Amazon now has what's called a Part 135 air carrier certificate, which must be held before a company begins drone deliveries. Amazon said it would use the approval to begin to test deliveries but declined to say when or where the tests will take place.
Amazon said it validated more than 500 safety and efficiency processes as part of its application for the certificate.
The company has long said it plans to use drones to make deliveries in 30 minutes or less. CEO Jeff Bezos first announced the program in December 2013. Amazon says that today it has test centers in the United States and around the world, and has logged thousands of flight hours.
In December 2016, it made its first drone delivery in Britain.
Its progress has been slow going since. In June 2019, Jeff Wilke, CEO of Amazon Worldwide Consumer, said the company planned to deliver by drone within months, but hasn't yet. (Wilke will retire early next year.)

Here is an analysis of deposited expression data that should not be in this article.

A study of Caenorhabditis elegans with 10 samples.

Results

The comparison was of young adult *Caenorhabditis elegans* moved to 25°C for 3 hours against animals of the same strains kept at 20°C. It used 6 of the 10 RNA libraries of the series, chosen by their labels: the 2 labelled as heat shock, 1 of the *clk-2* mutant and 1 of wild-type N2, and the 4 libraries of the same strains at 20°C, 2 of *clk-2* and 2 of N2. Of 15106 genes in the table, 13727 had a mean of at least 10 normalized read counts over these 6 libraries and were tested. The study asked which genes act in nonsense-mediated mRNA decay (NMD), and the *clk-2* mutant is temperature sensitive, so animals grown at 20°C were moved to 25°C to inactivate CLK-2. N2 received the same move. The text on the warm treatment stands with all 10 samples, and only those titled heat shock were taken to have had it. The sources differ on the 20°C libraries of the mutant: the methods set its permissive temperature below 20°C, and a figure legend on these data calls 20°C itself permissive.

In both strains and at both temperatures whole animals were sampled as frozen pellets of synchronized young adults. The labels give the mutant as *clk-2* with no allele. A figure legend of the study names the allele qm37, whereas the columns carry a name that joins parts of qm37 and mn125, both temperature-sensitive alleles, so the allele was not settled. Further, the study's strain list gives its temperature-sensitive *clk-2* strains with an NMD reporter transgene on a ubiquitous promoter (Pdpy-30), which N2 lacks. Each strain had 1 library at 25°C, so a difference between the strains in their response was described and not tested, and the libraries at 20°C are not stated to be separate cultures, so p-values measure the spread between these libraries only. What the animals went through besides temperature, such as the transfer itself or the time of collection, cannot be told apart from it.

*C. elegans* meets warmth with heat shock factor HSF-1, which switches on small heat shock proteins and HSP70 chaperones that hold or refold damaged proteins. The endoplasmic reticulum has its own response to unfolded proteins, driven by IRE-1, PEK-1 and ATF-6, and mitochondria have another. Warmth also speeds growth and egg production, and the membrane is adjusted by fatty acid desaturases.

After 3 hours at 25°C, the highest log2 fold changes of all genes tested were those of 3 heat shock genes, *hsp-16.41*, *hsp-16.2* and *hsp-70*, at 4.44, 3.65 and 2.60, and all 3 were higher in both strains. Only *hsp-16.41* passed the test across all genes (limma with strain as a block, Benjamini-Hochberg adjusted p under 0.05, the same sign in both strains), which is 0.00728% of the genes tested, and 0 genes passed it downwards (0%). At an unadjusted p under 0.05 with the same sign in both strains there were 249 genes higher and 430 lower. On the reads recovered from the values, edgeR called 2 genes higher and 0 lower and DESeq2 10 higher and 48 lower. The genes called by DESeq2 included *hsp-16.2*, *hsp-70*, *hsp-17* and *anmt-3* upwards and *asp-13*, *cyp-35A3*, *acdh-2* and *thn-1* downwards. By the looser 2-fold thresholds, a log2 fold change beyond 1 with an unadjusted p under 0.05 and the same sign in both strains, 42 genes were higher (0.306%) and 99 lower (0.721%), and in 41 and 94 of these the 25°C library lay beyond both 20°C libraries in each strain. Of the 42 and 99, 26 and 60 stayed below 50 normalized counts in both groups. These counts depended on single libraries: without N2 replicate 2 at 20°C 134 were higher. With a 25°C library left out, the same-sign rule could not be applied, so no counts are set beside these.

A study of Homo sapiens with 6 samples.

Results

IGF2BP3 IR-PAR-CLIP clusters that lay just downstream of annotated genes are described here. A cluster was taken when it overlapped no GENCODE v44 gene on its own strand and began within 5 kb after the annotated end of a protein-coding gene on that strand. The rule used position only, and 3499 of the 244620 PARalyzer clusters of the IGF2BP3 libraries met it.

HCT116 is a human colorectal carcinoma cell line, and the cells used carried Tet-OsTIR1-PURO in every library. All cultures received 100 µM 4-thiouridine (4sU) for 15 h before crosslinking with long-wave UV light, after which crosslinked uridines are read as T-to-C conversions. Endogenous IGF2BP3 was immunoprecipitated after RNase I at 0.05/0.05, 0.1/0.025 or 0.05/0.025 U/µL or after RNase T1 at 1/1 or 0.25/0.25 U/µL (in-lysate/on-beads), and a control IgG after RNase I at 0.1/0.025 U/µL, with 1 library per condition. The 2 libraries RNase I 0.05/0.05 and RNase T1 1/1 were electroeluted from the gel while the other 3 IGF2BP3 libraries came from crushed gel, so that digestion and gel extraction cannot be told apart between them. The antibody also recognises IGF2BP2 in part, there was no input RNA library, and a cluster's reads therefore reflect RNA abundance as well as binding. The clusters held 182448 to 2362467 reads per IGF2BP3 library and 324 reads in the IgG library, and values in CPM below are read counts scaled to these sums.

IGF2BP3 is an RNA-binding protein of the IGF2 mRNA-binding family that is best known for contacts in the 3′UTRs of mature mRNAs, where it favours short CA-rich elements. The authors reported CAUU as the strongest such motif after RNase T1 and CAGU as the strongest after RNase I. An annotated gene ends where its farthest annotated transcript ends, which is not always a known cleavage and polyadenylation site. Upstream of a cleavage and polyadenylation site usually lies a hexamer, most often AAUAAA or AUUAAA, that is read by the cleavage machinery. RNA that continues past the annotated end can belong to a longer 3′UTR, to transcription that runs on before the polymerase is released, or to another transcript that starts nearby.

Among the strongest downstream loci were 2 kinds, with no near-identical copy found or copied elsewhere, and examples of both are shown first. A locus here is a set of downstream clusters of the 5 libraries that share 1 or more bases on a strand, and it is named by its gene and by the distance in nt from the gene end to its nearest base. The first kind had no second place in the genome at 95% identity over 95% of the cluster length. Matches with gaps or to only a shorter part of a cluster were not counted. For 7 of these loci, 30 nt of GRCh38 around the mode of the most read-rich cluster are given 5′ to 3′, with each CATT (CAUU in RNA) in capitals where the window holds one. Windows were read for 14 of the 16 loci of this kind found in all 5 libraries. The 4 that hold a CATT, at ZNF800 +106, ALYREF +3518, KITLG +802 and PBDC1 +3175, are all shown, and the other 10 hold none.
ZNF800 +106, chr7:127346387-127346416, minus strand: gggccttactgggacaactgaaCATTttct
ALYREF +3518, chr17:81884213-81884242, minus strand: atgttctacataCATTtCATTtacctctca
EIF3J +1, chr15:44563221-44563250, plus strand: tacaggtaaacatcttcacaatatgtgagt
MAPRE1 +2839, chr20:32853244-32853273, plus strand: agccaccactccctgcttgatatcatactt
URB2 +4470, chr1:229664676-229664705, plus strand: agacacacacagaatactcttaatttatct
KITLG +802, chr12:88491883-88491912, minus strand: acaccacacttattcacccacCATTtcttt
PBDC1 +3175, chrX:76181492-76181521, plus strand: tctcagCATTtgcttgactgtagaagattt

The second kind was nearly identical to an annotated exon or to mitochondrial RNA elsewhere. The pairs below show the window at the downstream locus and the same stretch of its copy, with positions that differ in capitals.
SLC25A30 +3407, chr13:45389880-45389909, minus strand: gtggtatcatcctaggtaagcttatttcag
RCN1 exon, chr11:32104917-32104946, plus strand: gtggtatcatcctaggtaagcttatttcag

David Carbon, a former Boeing executive, joined Amazon and took the lead on its drone program this past March.
He called the certification an important step.
"We will continue to develop and refine our technology to fully integrate delivery drones into the airspace, and work closely with the FAA and other regulators around the world to realize our vision of 30 minute delivery," Carbon said.
Social distancing concerns during the pandemic have increased interest in using robots for delivery, but the technologies aren't ready yet for widespread use. The FAA is also still developing regulations needed for widespread drone use, such as the remote identification of drones.
Amazon is the third drone delivery company to receive the certification from the FAA. UPS and Wing, a subsidiary of Google's parent company Alphabet, both received their own in 2019. UPS has made medical deliveries at two North Carolina hospitals. It's also delivering prescriptions from a CVS in The Villages, Florida, according to a UPS spokesman. Wing launched drone delivery in Christiansburg, Virginia, in October 2019.